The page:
It's time for another royal wedding at Windsor Castle — but this time it's less of a global TV spectacle and more of a family affair.
Princess Eugenie, the granddaughter of Queen Elizabeth II, is set to marry tequila company executive James Brooksbank on Friday morning, but the second royal union of the year seems to have less interest than Prince Harry and Meghan Markle's May celebration.
Michael Taylor, a drummer from Chicago who toured Windsor Castle on Wednesday told the Associated Press that he had "no interest" in the October 12 wedding. "I don't know anything about her. If she walked past me right now, I wouldn't even know."
Eugenie is the 28-year-old daughter of Prince Andrew and Sarah Ferguson, and ninth in line for the throne. She has lived most of her life outside the media spotlight and keeps a low profile compared to cousins Prince William and Prince Harry and their glamorous wives.
That's reflected in the souvenir shops that line the streets leading to the imposing castle. Only a few Halloween face masks feature Eugenie's face, though some shopkeepers say that will change in the hours ahead of her wedding.
"It's going to be shirts and some mugs. A few people have been asking for it, but compared to Harry-Meghan, it's not that big," said Salman Khan at The King and Queen gift shop. Eugenie items have been hard to find because only a few suppliers are manufacturing them, he added.
"This is different, but it's still quite good for the town. The whole town is still excited. It's going to be a good day for everybody," he said.
Snippets of the wedding will be shown on British TV, but only one channel, ITV, is planning to provide live coverage of the proceedings.
And similar to Harry and Meghan, Eugenie and her fiancé will invite 1,200 members of the public to the castle grounds for a better view of Friday's festivities.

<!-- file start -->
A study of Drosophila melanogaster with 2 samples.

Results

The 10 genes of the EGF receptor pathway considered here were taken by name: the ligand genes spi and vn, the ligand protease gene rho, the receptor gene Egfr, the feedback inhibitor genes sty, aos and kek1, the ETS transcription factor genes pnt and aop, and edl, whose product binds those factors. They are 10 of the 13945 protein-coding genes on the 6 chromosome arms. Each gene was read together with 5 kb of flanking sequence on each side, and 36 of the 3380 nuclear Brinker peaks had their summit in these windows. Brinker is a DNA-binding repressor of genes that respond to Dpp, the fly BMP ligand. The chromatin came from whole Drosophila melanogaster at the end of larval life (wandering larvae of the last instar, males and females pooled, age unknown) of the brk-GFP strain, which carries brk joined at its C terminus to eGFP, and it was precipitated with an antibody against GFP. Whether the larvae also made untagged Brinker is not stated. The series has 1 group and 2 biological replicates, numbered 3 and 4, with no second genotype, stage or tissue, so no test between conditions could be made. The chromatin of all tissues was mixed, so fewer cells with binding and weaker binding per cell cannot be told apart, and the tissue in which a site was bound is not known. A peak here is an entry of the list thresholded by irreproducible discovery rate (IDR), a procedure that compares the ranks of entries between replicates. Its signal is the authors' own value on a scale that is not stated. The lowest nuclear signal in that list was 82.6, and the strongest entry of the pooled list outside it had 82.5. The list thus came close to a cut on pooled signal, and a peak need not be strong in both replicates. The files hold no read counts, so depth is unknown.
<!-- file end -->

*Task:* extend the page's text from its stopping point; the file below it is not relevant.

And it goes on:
The royal couple will say their vows in St. George's Chapel and afterward, the newlyweds will ride through the streets of Windsor in a royal carriage just as Meghan and Harry did on their wedding day.
It's not clear how many visitors will come to Windsor, a riverside town about 20 miles (32 kilometers) west of London. Part of the draw will be the chance to catch a glimpse of the queen and other royals, including William and his wife Kate, the Duchess of Cambridge, and their two young children, Prince George and Princess Charlotte.
George, 5, will be a page boy in the bridal party, and three-year-old Charlotte will be one of six bridesmaids - the party also including Eugenie's older sister, Princess Beatrice, who will act as her maid of honor. It is not clear if five-month-old Prince Louis, will attend, but Harry and Meghan are expected.
Eugenie is following tradition by not revealing who designed her wedding gown, but she has said it will be a British designer.
Brooksbank and Eugenie have dated for many years. The princess said her fiancé got down on one knee and proposed in January during a trip to Nicaragua while the couple was visiting a spectacular lake next to a volcano.
The queen, who has recently returned from an extended summer vacation in Scotland, plans to host a champagne luncheon for the newlyweds shortly after the ceremony, and a second reception will be held that night.
The queen's luncheon is expected to be a quiet, muted affair — reflecting the 92-year-old monarch's advanced years — with the nighttime shindig seen as a chance for the younger generations to step out in style.
And with the presence of so many royals — and a number of celebrity guests — extra security measures have been put in place.
Police teams have been meticulously checking and sealing water drains near the castle, and sniffer dogs are checking for explosives in the royal-themed shops, restaurants and tea rooms frequented by tourists.
The royal family is paying for the wedding, but the anti-monarchist group Republic is lobbying Parliament to prevent any public money from being spent on security or other wedding-related costs.
These concerns aren't popular in Windsor's business community, where the surging popularity of the royal family in recent years — and the afterglow of Harry and Meghan's wedding — has helped bring in visitors in recent months.
"We are getting a lot of American and Chinese and Spanish visitors," Jag Khaira at the Nell Gwynn Tearoom told the AP. "A lot of tourists don't even know about this wedding Friday, but it will bring in the crowds and should be a good day for us."
The Associated Press contributed to this report.